Wednesday, August 5, 2015

The Texas Voter ID Law isn't Dead

Despite what you might thing after reading the headline, "Federal Court Strikes Down Tough Texas Voter ID Law", the law is far from dead. If only because this one is probably going all the way to the Supreme Court. 
The Wednesday decision was a victory for the president, who has directed the Justice Department to try to beat back a movement in several Republican-led state governments to implement ballot-box restrictions.
Ballot-box restrictions. I like that. Yeah, we want to implement ballot box restrictions that keep Mickey Mouse, dead people, and non-citizens from voting. When voter participation significantly exceeds the national average, and registered voters outnumber those eligible to vote, you've got a problem. Electoral fraud is a stain upon our country's rule of law and should be prosecuted with extreme prejudice, in addition to making it difficult to accomplish.
Texas was then free to enforce its law, which requires one of seven forms of approved identification, a list that included concealed carry licenses but not a college student's university ID. Proponents said would reduce ballot fraud.
Note that the article is acting like concealed carry licenses - a government issued photo ID - are inferior to a college's student ID - an unregulated, easily faked, non-governmental ID, that can be issued to anyone. It makes perfect sense to prevent student ID from being used to register to vote. Government issued IDs use various tactics - such as watermarks - to make the creation of fake IDs difficult (though not impossible) and include barcodes and magnetic strips. Student IDs are a piece of plastic with your name, the name of your school, and possibly the school's mascot, and have no legal standing.  There is no good reason to allow student IDs to be used for voter registration, and a lot of good reasons to prevent it.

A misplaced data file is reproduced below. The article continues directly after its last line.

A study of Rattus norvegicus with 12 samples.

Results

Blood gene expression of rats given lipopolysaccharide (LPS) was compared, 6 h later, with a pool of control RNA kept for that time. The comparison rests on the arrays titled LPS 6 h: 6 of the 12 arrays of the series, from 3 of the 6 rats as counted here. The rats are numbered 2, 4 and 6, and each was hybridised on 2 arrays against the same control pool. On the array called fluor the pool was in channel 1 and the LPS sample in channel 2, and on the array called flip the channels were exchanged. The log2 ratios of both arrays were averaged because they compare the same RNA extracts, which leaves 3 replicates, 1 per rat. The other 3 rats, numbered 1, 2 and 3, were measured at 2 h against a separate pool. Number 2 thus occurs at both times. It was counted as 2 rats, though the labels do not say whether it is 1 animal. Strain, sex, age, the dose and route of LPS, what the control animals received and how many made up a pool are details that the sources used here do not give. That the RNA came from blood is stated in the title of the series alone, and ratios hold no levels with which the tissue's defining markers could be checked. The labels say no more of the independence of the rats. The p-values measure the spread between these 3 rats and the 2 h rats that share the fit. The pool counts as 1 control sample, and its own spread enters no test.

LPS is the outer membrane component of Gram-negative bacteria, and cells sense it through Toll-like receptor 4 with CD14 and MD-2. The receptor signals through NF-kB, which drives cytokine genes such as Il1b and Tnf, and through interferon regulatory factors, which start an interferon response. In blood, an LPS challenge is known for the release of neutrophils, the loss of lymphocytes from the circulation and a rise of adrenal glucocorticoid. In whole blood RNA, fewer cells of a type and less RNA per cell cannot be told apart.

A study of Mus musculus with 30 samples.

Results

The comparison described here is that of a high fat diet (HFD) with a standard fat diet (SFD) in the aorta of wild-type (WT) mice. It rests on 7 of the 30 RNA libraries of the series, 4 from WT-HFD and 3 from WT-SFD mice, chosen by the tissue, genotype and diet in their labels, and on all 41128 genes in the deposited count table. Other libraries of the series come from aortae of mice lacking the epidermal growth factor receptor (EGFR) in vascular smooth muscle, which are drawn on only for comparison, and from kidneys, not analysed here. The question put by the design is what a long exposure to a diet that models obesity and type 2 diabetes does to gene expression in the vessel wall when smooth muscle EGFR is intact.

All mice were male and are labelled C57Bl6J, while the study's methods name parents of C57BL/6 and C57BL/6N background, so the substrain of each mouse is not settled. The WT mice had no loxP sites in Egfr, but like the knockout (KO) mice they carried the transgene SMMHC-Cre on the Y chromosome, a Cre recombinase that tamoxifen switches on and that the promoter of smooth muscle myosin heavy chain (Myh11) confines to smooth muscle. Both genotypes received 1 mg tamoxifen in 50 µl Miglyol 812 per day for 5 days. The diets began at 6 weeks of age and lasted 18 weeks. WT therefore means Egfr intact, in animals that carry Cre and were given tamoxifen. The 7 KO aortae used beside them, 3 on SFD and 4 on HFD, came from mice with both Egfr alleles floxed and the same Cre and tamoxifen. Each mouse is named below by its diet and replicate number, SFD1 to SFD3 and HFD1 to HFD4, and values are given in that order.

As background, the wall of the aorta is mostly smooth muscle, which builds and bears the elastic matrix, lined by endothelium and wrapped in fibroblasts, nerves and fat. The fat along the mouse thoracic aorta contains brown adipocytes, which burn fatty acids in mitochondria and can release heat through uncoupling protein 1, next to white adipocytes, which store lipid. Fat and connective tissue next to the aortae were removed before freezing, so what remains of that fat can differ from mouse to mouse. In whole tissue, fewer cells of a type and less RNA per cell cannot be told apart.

"Today's ruling is a victory for every Texas voter. Once again, the rule of law agrees with Democrats. The Republican voter ID law is discriminatory," Texas Democratic Party Chairman Gilberto Hinojosa said in a statement.
If he really felt that way about the rule of law he wouldn't be so happy. Election fraud is a blight upon the rule of law, rendering the polls untrustworthy. It effectively disenfranchises all the legitimate voters - even the ones who voted the same way that the fraud went - making it so that the only vote that matters is that of the man (or the group) behind the fraud. In time, it will destroy the rule of law and the system will end in violence.